August 5, 2012



The 41% Weekend 3 drop for THE DARK KNIGHT RISES (Warners) is a bit better than Dark Knight‘s parallel 43% decline, but in actual numbers, Dark Knight‘s 3d weekend is $6.3M ahead ($42.7M vs $36.4M), and the $39M gap that separates them probably can’t be bridged. Internationally, though, Rises is at $378M in only 68 territories, $91M below Dark Knight‘s overseas total.  Warners claims to be running 31% ahead of Dark Knight in the parallel point of its release, which could mean a final $600M international figure for Rises and possibly even a higher worldwide total than Dark Knight‘s $1B.

OPENINGS:  TOTAL RECALL (Sony) claims a $26M weekend that coincidentally happens to be just $500K above the mark of shame the studio desperately wanted to avoid:  being outgrossed by the 1990 original and its $25.5M start.  In order to get there, Sony is claiming the picture will have the weekend’s 2d lowest Sunday decline of the Top 10, and we won’t know until Monday if that turns out to be true.  (Incidentally, boxoffice apologists who argue that the Recall opening is just fine because after all, it outgrossed Colin Farrell’s previous star openings–which is to say, it did better than Miami Vice and Alexander–are first of all factually wrong, since the opening is far below SWAT‘s $37M start, but more importantly have no conception of how the movie business works.  It’s like saying Iron Man would have opened well if it started with $20M instead of $98M, because after all, that would have been the highest opening of Robert Downey, Jr’s career at that point.  This Recall, unlike the Schwarzenegger original, was never intended or marketed as a star vehicle, any more than Spider-Man was a Tobey Maguire vehicle, The Hunger Games was a Jennifer Lawrence vehicle, or Transformers was a Shia LeBeouf vehicle.)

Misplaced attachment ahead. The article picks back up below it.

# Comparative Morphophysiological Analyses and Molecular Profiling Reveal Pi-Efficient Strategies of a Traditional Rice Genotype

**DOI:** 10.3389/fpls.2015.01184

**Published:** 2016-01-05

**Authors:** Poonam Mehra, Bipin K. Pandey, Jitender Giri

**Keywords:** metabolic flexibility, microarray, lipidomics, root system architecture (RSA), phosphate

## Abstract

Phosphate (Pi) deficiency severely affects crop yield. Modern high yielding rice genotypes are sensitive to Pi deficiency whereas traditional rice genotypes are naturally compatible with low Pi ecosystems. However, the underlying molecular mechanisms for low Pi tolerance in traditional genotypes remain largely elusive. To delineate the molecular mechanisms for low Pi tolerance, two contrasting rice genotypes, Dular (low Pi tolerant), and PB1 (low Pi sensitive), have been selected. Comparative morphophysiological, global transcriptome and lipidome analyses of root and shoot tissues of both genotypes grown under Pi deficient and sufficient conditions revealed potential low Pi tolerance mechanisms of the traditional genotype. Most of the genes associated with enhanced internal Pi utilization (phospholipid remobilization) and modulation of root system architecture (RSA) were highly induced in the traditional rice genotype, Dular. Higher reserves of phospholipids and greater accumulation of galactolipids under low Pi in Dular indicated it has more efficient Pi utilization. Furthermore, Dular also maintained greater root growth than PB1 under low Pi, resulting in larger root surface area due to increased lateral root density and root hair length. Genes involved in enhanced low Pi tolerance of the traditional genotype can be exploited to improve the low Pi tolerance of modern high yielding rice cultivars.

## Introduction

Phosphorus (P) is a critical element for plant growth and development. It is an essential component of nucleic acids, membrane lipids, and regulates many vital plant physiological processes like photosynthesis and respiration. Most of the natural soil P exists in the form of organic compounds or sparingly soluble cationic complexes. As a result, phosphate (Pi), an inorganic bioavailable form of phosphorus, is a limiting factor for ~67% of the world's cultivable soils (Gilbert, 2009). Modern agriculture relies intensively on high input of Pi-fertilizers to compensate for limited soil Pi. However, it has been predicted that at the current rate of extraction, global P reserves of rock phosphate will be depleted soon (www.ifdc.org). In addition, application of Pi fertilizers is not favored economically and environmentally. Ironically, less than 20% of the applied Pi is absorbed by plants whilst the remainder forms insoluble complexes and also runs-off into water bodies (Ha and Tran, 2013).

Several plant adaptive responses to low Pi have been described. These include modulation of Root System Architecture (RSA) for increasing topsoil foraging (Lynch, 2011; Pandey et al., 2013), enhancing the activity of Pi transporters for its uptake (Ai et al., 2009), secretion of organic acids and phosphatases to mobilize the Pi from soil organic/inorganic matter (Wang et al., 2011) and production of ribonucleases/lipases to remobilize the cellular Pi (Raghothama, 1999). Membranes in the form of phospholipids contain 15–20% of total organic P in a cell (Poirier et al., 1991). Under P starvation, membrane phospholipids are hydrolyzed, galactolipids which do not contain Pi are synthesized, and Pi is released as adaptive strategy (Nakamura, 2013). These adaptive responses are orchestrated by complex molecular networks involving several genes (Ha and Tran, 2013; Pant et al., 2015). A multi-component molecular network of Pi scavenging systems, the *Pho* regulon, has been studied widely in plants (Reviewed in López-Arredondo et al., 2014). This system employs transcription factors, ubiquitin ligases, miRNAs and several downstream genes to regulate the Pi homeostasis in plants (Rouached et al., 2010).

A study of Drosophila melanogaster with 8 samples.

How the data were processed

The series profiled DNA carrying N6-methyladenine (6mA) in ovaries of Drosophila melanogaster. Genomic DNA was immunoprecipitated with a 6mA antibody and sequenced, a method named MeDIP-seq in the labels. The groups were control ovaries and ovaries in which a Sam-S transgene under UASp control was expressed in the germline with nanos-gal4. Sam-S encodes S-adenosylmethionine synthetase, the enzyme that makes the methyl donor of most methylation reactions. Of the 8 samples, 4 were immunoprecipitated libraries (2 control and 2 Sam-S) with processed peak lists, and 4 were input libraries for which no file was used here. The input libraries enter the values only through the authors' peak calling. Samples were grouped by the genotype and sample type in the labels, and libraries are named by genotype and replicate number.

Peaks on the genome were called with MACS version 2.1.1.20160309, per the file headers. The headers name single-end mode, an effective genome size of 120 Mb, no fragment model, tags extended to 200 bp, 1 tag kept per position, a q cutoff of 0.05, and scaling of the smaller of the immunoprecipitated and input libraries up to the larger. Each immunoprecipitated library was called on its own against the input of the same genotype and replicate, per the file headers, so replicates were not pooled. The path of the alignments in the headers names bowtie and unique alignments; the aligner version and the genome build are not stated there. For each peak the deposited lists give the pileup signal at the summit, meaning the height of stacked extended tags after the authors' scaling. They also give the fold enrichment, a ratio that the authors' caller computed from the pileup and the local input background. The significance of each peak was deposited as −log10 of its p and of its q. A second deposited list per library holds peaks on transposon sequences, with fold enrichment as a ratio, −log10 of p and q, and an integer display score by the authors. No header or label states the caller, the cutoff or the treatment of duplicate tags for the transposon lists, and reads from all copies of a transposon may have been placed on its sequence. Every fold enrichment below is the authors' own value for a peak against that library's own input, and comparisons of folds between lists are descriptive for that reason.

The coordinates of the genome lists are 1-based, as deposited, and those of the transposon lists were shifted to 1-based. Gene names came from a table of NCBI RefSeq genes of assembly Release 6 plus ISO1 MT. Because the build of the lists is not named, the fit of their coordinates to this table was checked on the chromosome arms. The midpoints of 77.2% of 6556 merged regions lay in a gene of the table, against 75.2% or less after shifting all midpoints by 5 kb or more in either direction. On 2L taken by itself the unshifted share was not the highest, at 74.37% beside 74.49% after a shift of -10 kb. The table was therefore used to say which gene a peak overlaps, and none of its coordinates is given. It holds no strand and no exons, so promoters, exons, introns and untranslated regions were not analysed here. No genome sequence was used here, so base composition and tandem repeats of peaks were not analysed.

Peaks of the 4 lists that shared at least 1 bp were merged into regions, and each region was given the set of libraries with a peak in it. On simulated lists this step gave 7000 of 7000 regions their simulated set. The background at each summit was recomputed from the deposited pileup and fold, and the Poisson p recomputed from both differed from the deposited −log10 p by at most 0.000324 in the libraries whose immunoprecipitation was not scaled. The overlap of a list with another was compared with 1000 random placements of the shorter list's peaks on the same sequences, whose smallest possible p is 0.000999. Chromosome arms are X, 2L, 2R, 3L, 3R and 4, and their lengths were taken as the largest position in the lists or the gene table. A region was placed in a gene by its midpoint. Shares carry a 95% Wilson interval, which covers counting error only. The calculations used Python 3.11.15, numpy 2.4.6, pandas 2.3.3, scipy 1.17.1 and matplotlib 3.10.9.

DIARY OF A WIMPY KID:  DOG DAYS (20th) is opening one-third or more below the previous installments of the franchise with $14.7M, and unlike franchises like Ice Age and Step Up, it’s not a series that plays unusually well overseas.  What was never a robust profit center is probably reduced to zero with this one.

HOLDOVERS:  THE WATCH (20th) and STEP UP REVOLUTION (Summit) fell 50% and 55%, respectively, in their 2d weekends.  (Step Up, though, in keeping with its track record, already has $17.5M overseas in just 20 territories, and will make the bulk of its money outside the US.)  Longer runs were consistent with their patterns, with TED (Universal) leading the pack with only a 26% drop (and surpassing $200M in total US boxoffice), and the rest falling around 35% as they near the tail end of their runs.  ICE AGE 4 (20th) may be lagging in the US, with a likely $150-160M total, but it’s at $587M overseas, just $107M off Ice Age 3‘s torrid international pace.

LIMITED RELEASE:  CELESTE AND JESSE FOREVER (Sony Classics) began its run with a very strong $28K average in 4 NY/LA theatres.  360 (Magnolia), also available on VOD, had an OK $6K average at 2 theatres.  BEASTS OF THE SOUTHERN WILD (Fox Searchlight) widened its run by 50% to 318 theatres (a wider run than Searchlight ever gave The Tree of Life last year), and had a $3700 average.  The same studio’s RUBY SPARKS expanded to 64 with a $6300 average, which is decent, but nowhere near the $19K average (500) Days of Summer had when it hit 85 theatres.  The very good French film FAREWELL MY QUEEN (Cohen Media) had a $3300 average at 56.  William Friedkin’s NC-17 KILLER JOE (LD) had a solid $11.2K average at 14.  Meanwhile, MOONRISE KINGDOM (Focus/Universal) barely budged, down only 14% for the weekend despite losing 20% of its theatres–it’s $4.2M below The Best Exotic Marigold Hotel for summer indie movie bragging rights.

About the Author

Mitch Salem
MITCH SALEM has worked on the business side of the entertainment industry for 20 years, as a senior business affairs executive and attorney for such companies as NBC, ABC, USA, Syfy, Bravo, and BermanBraun Productions, and before that, at the NY law firm of Weil, Gotshal & Manges. During all that, he has more or less constantly been going to the movies and watching TV, and writing about both since the 1980s. His film reviews also currently appear on and In addition, he is co-writer of an episode of the television series "Felicity."